Metal trees in the battery

Understanding how short-circuits occur in solid-state batteries could extend their lifespan

They could be the next generation of battery: so-called ‘solid-state’ batteries. They’re made entirely of solid materials and have no liquid medium between their poles, as today's batteries do. These types of batteries could extend the range of electric cars and make them safer, as they can store more electricity and are less flammable. So far, however, they have suffered from limited lifetimes. A team from the Max Planck Institute for Polymer Research has studied the processes that reduce the lifespans. Its findings could help build longer-lasting solid-state batteries.

Whether it is an e-car, a mobile phone, or a cordless screwdriver, rechargeable batteries are used in many devices. And as electric vehicles become more ubiquitous, so the demand will increase. Occasionally, however, the lithium batteries commonly used in electric cars and mobile phones have burst into flames unexpectedly. This is why some mobile phones are not allowed on board of aircraft. In addition, common rechargeable batteries are sensitive to shocks and impacts.

Solid-state batteries, or solid-state accumulators as they are also called, could provide a remedy to this. These dispense with the liquid electrolyte that conducts the current between the poles in the battery and work instead with a solid material, for example a lithium-containing ceramic ion conductor. This makes them non-flammable, mechanically robust and insensitive to temperature fluctuations. In addition, they have a larger storage capacity and are easy to miniaturise. This not only makes them interesting for use in electric cars but also for new applications in which particularly small batteries are required, for example in microrobots.

Stalactite and stalagmite formation in the battery?

So far, however, the lifespan of lithium solid-state batteries has been fairly short. This is because lithium dendrites grow between the positive and negative terminals of the battery during each charging process. These branched, tree-like metal formations short-circuit the battery after a few charge and discharge cycles. It has long been unclear how exactly the dendrites are formed. That is why a team led by Rüdiger Berger, a research group at the Max Planck Institute for Polymer Research, has now investigated the processes using a special microscopy method. The researchers were primarily interested in the question of where the lithium dendrites form. Do stalactites form at both poles, similar to the way stalactites grow from the ceiling and stalagmites from the floor in a limestone cave, until they meet in the middle?  Or do the dendrites only form at one pole? Are there possibly special places in the battery that serve as nuclei for dendritic growth?

During the study, Rüdiger Berger's team paid particular attention to the grain boundaries in the ceramic solid-state electrolyte. The atoms here arrange themselves in a regular manner in the same way as with salts or metals. They form crystals – not a single one, however, but many small crystal grains that are slightly offset from one another causing grain boundaries to form between them. The researchers use Kelvin probe force microscopy in which a sharp tip scans the surface to visualise what happens at the grain boundaries during charging. "When the solid-state battery is charged, Kelvin probe force microscopy shows us that electrons accumulate along the grain boundaries – especially near the negative pole," says Chao Zhu, a PhD student in Rüdiger Berger's team.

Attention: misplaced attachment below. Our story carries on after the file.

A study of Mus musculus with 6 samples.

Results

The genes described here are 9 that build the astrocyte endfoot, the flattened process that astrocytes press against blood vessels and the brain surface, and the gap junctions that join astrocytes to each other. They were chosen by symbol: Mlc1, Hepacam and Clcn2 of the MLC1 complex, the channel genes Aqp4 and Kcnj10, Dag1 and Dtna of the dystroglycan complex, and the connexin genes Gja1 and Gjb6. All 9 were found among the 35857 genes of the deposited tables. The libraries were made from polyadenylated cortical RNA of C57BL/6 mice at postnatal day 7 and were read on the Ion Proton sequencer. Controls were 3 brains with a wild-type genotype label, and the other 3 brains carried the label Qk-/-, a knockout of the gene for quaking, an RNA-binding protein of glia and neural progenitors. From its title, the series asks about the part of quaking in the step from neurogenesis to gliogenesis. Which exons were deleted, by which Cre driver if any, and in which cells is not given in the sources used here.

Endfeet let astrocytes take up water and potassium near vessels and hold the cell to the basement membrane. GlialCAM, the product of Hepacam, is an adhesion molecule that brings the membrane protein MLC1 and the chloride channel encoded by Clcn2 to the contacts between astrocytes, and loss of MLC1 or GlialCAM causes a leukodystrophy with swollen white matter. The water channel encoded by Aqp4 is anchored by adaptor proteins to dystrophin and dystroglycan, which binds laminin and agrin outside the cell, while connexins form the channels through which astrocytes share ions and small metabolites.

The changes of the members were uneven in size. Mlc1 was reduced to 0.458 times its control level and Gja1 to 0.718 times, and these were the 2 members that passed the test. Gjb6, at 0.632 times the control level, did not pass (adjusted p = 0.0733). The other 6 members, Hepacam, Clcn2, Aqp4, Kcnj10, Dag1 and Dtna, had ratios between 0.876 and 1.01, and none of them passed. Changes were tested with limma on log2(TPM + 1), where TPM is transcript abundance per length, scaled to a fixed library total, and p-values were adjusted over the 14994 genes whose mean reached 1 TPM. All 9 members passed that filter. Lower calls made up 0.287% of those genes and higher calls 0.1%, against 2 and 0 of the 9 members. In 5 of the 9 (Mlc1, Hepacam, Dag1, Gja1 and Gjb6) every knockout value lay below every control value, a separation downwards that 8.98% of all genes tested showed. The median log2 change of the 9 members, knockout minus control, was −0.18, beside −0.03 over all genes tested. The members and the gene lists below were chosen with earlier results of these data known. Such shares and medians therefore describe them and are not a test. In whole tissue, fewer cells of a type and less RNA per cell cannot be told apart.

Dendrites sprout at electron accumulations

The accumulated electrons can reduce lithium ions travelling through the solid electrolyte to metallic lithium. This causes lithium to settle, and a lithium dendrite is formed. With each charging process, the dendrite continues to grow until it finally short-circuits the poles. Since the electron density increases mainly at the minus pole, the dendrites also only began to grow there.

The researchers hope that gaining a precise understanding of how the harmful metal trees grow in a solid-state battery will help to stop or at least contain their growth. One starting point, for example, could be the production of the solid-state electrolyte: "It may be helpful to make the path along the grain boundaries as long as possible," says Rüdiger Berger. "This could be done in a similar way to a brick wall." To do so, the crystal grains of the electrolyte would have to be grown in  a way that gives them short and long sides like bricks. The longer side would then have to be perpendicular to the direct path between the electrodes. So far, however, it is still unclear whether and how crystal formation in solid-state electrolytes can be controlled in this manner and whether the lifespan of solid-state batteries can actually be extended in this way. This will have to be investigated in further studies. If these are successful, solid-state batteries would have a good chance of replacing the sensitive conventional lithium batteries.